Скачать STRIPPED - Search All Programs damaged by TDStrip

Written by D.J. Murdoch for the public domain, May, 1992.



will search the given directory, and any of its subdirectories, for
damaged .EXE files.


Borland ships a utility called TDSTRIP with its Turbo Debugger.  TDSTRIP
lets you strip the external debugging information out of .EXE or .OBJ
files.  However, version 2.0 (and some later ones) contain a serious
bug:  it damages the header of the .EXE file, setting the "minimum extra
allocation" field to zero.

The extra allocation fields are used by DOS to determine how much memory
to give to your program.  In addition to the amount needed to load the
image of your .EXE file, you'll get at least the minimum allocation and
as much as the maximum allocation, if it's available.  If there's not
enough memory to give you the minimum allocation, DOS will refuse to
load the program.

The extra memory is used in different ways depending on the
compiler/linker, but Turbo Pascal makes typical use of it: uninitialized
static variables, the stack, the overlay buffer, and the heap all reside

If you try to load a TDSTRIP-damaged .EXE file, usually nothing bad will
happen.  You'll have more than the required minimum, and things will be
fine.  However, if memory is very tight, you might have less than the
true minimum, but more than the 0 value that TDSTRIP has put in.  Your
program may be loaded with an initial stack pointer in video memory, or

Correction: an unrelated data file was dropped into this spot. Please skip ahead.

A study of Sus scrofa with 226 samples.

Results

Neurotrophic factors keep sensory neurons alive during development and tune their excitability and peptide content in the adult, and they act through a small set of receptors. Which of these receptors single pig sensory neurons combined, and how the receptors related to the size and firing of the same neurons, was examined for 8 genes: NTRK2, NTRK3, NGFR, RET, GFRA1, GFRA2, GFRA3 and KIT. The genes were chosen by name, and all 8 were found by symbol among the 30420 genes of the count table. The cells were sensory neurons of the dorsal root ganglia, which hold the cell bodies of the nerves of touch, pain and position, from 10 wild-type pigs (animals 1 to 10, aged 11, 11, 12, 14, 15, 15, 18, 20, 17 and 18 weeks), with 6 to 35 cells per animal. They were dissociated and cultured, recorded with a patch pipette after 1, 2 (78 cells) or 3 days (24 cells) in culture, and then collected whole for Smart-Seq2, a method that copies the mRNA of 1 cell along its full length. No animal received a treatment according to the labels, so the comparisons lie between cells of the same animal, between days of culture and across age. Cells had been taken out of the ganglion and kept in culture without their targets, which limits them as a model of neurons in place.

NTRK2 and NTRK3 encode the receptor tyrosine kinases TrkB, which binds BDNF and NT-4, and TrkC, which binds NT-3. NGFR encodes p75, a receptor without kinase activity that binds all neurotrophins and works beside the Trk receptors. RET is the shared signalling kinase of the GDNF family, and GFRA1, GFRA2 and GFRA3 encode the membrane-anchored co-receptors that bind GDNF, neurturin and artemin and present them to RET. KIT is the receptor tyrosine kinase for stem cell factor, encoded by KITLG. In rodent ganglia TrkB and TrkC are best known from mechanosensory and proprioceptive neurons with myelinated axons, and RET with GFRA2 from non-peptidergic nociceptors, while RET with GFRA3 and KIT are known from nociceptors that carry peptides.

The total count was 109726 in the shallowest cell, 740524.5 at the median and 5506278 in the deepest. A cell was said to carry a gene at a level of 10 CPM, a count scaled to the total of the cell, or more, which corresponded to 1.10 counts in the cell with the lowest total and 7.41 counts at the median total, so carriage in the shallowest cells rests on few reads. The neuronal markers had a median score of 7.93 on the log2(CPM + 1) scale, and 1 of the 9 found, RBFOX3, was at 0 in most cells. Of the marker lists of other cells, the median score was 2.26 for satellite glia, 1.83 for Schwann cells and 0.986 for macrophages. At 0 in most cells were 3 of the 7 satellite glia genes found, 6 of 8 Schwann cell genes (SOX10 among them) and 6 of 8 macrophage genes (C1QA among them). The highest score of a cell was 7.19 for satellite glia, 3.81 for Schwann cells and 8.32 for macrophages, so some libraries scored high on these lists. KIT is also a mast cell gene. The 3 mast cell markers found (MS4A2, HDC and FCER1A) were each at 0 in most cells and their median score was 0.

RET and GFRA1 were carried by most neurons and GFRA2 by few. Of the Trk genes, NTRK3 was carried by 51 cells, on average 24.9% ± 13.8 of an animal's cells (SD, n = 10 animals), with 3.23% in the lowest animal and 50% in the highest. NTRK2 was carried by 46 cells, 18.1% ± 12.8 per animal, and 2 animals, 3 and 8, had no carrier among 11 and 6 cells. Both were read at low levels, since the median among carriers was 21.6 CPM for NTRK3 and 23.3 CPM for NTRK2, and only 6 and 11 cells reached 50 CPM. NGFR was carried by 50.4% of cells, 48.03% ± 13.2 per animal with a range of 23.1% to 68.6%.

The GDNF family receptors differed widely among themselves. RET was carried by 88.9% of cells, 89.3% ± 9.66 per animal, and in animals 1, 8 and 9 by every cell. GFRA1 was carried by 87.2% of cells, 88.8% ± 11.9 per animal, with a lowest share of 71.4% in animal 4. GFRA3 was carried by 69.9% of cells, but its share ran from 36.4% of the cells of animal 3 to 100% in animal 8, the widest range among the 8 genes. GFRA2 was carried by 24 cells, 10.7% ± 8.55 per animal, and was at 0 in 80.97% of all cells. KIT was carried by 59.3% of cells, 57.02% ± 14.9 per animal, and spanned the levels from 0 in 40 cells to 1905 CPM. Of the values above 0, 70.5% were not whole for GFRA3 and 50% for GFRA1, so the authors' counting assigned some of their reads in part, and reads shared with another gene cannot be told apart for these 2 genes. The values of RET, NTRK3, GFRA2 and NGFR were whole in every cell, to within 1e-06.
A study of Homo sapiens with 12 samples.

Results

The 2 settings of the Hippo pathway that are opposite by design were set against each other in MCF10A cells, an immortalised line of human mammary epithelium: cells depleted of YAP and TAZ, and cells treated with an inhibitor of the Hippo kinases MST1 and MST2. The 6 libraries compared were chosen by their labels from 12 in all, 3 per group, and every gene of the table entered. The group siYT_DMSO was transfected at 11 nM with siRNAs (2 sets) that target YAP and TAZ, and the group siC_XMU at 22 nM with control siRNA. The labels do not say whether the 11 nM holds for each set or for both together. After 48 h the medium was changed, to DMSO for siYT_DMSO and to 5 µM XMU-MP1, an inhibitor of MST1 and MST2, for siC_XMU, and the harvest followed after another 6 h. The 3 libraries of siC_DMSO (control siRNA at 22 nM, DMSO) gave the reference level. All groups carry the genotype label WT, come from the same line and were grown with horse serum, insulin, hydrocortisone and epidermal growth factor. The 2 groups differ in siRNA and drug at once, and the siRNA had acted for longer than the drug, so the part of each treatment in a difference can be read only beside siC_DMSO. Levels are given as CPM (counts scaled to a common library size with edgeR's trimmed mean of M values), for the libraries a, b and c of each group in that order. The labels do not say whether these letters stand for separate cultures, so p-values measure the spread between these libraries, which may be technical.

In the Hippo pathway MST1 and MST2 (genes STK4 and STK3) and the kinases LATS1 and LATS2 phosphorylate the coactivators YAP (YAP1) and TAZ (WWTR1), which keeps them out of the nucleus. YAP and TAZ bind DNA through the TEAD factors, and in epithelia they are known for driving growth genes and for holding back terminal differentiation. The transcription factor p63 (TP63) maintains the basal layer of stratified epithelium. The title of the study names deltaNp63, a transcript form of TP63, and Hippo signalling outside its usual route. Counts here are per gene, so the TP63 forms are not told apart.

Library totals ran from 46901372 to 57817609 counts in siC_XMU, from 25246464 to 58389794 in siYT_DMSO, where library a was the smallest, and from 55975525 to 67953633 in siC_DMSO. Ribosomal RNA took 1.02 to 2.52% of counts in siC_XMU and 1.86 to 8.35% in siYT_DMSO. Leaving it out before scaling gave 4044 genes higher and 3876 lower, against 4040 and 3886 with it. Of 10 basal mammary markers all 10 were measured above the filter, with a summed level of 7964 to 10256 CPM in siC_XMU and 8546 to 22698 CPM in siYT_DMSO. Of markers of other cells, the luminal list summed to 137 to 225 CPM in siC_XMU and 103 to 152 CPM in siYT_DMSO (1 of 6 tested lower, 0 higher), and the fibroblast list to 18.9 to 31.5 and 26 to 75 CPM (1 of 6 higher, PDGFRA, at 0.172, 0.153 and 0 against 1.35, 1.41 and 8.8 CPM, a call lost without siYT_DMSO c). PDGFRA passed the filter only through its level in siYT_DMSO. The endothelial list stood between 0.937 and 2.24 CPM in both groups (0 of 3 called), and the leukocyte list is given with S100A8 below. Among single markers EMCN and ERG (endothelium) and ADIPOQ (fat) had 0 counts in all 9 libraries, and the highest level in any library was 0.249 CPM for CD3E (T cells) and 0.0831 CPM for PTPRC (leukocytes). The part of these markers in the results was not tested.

in an area where there's no memory, or in the middle of a TSR that's
been loaded above it.  You'll quickly crash.

The program STRIPPED is an attempt to detect these damaged files.  It
checks the header, and verifies that the initial stack pointer is going
to fall within the minimum allocation.  If not, it prints the name of
the file, and the amount of free RAM which you'd need to have for it to
actually matter.

STRIPPED doesn't try to fix the .EXE, because there's no way to know
what the true minimum allocation should be; the program may use
overlays, or depend on a certain size of heap. Turbo Pascal 6 source for
STRIPPED is included in this archive, so feel free to attempt fixes if
you feel confident.  A safer approach, if available, is to recompile the
bad .EXE, and not to use TDSTRIP on it.  The EXEMOD program distributed
with some compilers could also be used to repair the damage, if you're
willing to guess at the required size.